They may be unrelated sound effects but for ASMR enthusiasts, they are the vital ingredients for causing tingling along the spinal cord and extremities. For those who experience the pleasurable reactionary shivers, the audiovisual clips they seek on social media fall under the genre of ASMR.
These videos have made it to the mainstream but are a poorly understood niche of Internet content. And in the last year, they have become a source of experimentation for brands and marketers.
The acronym ASMR stands for Autonomous Sensory Meridian Response. It’s characterized as an almost euphoric sensation in the body often elicited following certain visual and/or auditory stimulants. The feeling is autonomous, in that individuals are assumed to have no control over initiating it, and sensory, in that it is a physical response that occurs along the body’s meridian, or center.
Inducing triggers include, but are not limited to, gentle whispers, lips smacking, nails tapping, the scratching of hard surfaces, brush bristles, paper crinkling, scissors cutting, personalized attention such as doctor visits, air blowing, running water, and much more. Often referenced are the artistic brushstrokes of Bob Ross in “The Joy of Painting,”an instructional art series that aired on PBS in the 80s and early 1990s.
In addition to these tingles, users feel more relaxed after consuming ASMR-themed pieces, as throughout these videos, the subject of the video leads the viewer in a nurturing and caring manner that generates a level of intimacy.
The sensations of pleasurable frisson in response to specific ambient sounds have always existed in humans. These are reactions that can be an innate part of human physiology. But similar to the stylings of Oddly Satisfying, their naming came about in the early 2010s through online users seeking a nomenclature on community websites, like Reddit, to identify their experience. And it was on YouTube where this naming convention became the de facto home for it to prosper.
Equally aligned with Oddly Satisfying, there are little to no scientific studies into the therapeutic aspect of ASMR, but there is no doubt into its popularity. The start of 2019 witnessed the trend proliferate: the number of videos tagged had doubled to 11 million from 5 million the year prior. And about 570 new videos are posted every hour. The active viewership is evident: in 2018, Grammy-winning rapper Cardi B did an ASMR-styled interview with W Magazine, where she expressed her addictive affinity for the audiovisual content. In two weeks, the video garnered 7.2 million views; and at the time of this recording, 40 million.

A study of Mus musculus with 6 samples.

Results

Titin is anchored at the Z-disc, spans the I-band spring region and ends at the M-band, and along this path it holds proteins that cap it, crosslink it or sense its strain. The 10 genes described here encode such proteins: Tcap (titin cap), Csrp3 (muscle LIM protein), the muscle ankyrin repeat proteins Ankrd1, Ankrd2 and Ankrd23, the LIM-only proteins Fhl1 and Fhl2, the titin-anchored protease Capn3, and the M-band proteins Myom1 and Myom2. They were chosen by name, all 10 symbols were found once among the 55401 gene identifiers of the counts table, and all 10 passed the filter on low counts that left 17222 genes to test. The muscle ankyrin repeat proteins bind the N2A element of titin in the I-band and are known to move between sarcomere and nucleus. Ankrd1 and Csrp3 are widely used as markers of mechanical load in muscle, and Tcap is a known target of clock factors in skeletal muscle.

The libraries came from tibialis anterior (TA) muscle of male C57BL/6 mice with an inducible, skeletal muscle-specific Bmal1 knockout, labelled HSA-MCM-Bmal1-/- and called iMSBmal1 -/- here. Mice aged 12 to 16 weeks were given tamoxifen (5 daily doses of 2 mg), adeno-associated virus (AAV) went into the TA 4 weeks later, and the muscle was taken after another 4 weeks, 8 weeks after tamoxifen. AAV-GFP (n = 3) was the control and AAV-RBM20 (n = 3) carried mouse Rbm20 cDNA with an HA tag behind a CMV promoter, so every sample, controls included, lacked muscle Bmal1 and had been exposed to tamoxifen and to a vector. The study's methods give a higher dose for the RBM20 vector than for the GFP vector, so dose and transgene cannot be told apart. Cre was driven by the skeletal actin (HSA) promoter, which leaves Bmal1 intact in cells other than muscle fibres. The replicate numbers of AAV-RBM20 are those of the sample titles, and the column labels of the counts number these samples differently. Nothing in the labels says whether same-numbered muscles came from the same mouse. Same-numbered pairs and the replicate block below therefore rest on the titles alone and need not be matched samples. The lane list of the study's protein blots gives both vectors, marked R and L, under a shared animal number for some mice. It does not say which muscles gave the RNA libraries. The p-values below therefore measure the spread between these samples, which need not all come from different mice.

And ASMR has become a part of brand marketing in an effort to stand out amongst all the noise in the social space. Brands ranging from industries such as cosmetics and chocolate to homewares and haute couture are attempting to reap the rewards of chasing the social media feel-good sensations, such as the following six:
- Michelob Ultra’s 2019 Super Bowl commercial featured actress and musician Zoë Kravitiz soothingly sip on the brand’s golden lager—exuding chill in more ways than one.
- IKEA has been showcasing its Scandanavian minimalism for decades with its product’s clean lines, and now is evoking those concepts with crisp sounds. Their YouTube channel features their product offerings in a series called “Oddly Ikea.”
- For the Chinese consumer market, Dove Chocolate focused on the delicate flavors and sounds of making and savouring silky confections.
- Cosmetic challenger brand Soko Glam highlighted the sensual feelings of skincare routines in a series of clips on Instagram for their product line, Then I Met You.
- Apple experimented with ASMR for their YouTube series “Apple ASMR,” to showcase that quality ASMR can be #ShotoniPhone.
- Lastly, French luxury brand Louis Vuitton lent their 2020 fashion line to the ASMR musings of Riverdale actress Madelaine Petsch for their YouTube channel LV TV.